Sugar Beet Staff Reporter
On the warm Saturday morning of Sept. 15, the annual Garden City Fall Festival commenced. Main Street was cut off from drivers, leaving a large area for the festivities. Residents from all over town gathered on Main Street to enjoy an array of vendors and attractions. Food trucks and stands lined the streets, dispersing an aroma of good food. Music played from street corners and performances displayed in the center of it all. In Stevens Park a large array of cars of all shapes and sizes were displayed to those who passed by. Different attractions such as the annual duck races also helped form an atmosphere filled with feelings of fun and community.
Among the many attractions and stands that were set up in the street, several representatives for the high schools clubs and organizations could be found. The drum-line performed as they do every year, playing several cadences, including one entitled “gravy train”, which had been on a hiatus for two years prior.
“It’s been played, but we didn’t play it last year, or the year before that… but we brought it back this year and we’re actually really good at playing it,” Daniel Castro, public service academy junior and snare for the drum-line said.
The GCHS dance team also gave a performance, as did the show choir. However, they were not the only dance team or show choir to perform that day. Multiple other elementary schools had younger performers sing and dance in front of the crowd. Several other school activities were also at the fall festival, among stands to help fundraise their programs. The cheerleading team was selling concessions and face painting, along with selling raffle tickets for a chance to win an Apple Watch. Art club and FCCLA were also face painting and drawing henna for donations.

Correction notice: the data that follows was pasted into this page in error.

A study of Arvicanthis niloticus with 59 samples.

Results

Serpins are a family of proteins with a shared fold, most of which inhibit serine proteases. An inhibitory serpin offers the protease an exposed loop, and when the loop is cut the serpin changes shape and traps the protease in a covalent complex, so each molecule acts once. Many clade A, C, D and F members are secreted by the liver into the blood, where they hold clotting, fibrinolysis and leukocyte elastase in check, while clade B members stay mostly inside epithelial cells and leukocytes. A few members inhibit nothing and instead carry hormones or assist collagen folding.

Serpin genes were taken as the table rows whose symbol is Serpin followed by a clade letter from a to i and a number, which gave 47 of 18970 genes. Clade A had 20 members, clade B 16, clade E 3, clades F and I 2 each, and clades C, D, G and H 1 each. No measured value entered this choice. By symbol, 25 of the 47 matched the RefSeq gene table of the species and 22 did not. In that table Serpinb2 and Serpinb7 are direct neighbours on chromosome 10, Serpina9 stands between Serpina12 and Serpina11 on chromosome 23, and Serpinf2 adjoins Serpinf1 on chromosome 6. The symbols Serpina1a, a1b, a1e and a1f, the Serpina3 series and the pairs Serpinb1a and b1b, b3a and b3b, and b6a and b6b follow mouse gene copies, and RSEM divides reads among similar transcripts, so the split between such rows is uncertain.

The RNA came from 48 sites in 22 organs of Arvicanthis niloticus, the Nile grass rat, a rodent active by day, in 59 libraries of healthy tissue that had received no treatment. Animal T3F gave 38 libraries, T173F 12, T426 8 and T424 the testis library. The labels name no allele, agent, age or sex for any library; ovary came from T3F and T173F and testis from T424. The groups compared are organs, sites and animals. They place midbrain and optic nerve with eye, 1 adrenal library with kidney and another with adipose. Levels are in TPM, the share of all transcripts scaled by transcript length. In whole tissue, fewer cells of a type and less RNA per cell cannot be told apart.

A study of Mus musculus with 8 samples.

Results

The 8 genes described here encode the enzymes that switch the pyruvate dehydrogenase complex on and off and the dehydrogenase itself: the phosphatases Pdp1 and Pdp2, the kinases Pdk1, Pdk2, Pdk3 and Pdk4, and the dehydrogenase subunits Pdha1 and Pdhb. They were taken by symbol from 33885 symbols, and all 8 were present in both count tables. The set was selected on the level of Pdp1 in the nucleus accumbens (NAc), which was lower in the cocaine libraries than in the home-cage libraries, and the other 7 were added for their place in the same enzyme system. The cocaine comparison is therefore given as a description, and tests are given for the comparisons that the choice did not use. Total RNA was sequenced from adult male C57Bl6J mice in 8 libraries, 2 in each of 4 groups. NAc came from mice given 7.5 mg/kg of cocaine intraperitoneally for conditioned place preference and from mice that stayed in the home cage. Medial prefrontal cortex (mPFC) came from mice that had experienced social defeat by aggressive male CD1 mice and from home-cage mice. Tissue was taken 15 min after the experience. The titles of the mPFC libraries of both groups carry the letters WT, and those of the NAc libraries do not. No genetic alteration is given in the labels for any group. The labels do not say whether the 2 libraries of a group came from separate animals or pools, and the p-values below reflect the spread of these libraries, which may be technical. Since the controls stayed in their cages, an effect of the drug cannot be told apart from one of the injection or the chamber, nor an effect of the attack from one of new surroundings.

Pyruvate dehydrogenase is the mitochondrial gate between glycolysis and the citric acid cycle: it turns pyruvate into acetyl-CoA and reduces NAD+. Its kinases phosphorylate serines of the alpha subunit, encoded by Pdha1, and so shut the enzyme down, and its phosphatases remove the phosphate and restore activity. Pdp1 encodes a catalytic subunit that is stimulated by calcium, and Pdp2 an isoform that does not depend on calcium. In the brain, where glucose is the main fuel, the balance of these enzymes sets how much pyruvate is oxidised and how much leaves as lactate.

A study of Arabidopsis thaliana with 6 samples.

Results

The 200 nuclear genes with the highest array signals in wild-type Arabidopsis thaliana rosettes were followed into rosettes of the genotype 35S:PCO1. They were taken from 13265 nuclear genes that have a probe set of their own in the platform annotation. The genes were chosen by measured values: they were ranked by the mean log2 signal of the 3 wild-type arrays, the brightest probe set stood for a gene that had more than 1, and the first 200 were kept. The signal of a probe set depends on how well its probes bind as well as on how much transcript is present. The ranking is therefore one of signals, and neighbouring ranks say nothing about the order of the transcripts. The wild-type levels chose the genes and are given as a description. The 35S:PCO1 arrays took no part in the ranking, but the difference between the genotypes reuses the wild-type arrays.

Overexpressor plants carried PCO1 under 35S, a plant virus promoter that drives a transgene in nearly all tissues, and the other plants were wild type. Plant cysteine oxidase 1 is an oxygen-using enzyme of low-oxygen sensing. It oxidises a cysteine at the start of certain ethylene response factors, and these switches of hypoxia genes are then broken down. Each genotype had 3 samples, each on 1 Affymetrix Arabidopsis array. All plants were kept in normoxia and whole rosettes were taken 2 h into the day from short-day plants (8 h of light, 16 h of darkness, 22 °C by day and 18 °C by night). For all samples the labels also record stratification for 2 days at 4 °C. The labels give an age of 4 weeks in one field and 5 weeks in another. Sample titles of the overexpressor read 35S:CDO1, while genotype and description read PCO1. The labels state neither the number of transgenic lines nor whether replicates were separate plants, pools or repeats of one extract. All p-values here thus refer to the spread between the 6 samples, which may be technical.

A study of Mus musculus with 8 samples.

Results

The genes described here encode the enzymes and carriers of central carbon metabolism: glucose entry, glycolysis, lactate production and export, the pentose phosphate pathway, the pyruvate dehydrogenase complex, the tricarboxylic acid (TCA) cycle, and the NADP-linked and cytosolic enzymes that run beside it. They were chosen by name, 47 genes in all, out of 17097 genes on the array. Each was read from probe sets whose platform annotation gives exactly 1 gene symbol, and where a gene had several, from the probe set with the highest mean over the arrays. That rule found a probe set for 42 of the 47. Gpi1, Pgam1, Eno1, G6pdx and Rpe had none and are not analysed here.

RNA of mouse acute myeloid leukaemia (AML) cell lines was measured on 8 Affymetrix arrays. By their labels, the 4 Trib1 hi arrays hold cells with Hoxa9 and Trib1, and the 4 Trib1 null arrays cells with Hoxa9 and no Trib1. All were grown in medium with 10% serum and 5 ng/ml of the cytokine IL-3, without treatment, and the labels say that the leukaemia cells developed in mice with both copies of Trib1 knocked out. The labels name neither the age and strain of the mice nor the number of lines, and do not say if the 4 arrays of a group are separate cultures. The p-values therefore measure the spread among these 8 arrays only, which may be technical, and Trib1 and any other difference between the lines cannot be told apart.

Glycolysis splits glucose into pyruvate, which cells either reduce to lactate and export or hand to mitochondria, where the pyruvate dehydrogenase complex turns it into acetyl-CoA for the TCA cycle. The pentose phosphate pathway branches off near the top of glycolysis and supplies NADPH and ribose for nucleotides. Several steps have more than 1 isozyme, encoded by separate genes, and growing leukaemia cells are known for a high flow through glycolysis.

“I really liked just coming to paint people’s faces and doing the art things,” Paige Gigot, trade academy sophomore and art club president said.
The track team had a setup at the beginning of the festivities where the pole vaulters would complete a jump for every time someone donated toward the team. Large amounts of people donated that morning.
“They just keep on coming,” said Alex De Paz, trade academy sophomore, “And sometimes you wish they would stop [giving donations]… because your tired and you’re like, ‘I don’t know if I can.’”
Ryan Wessels is a trade and health sophomore. You can contact him at email@example.com.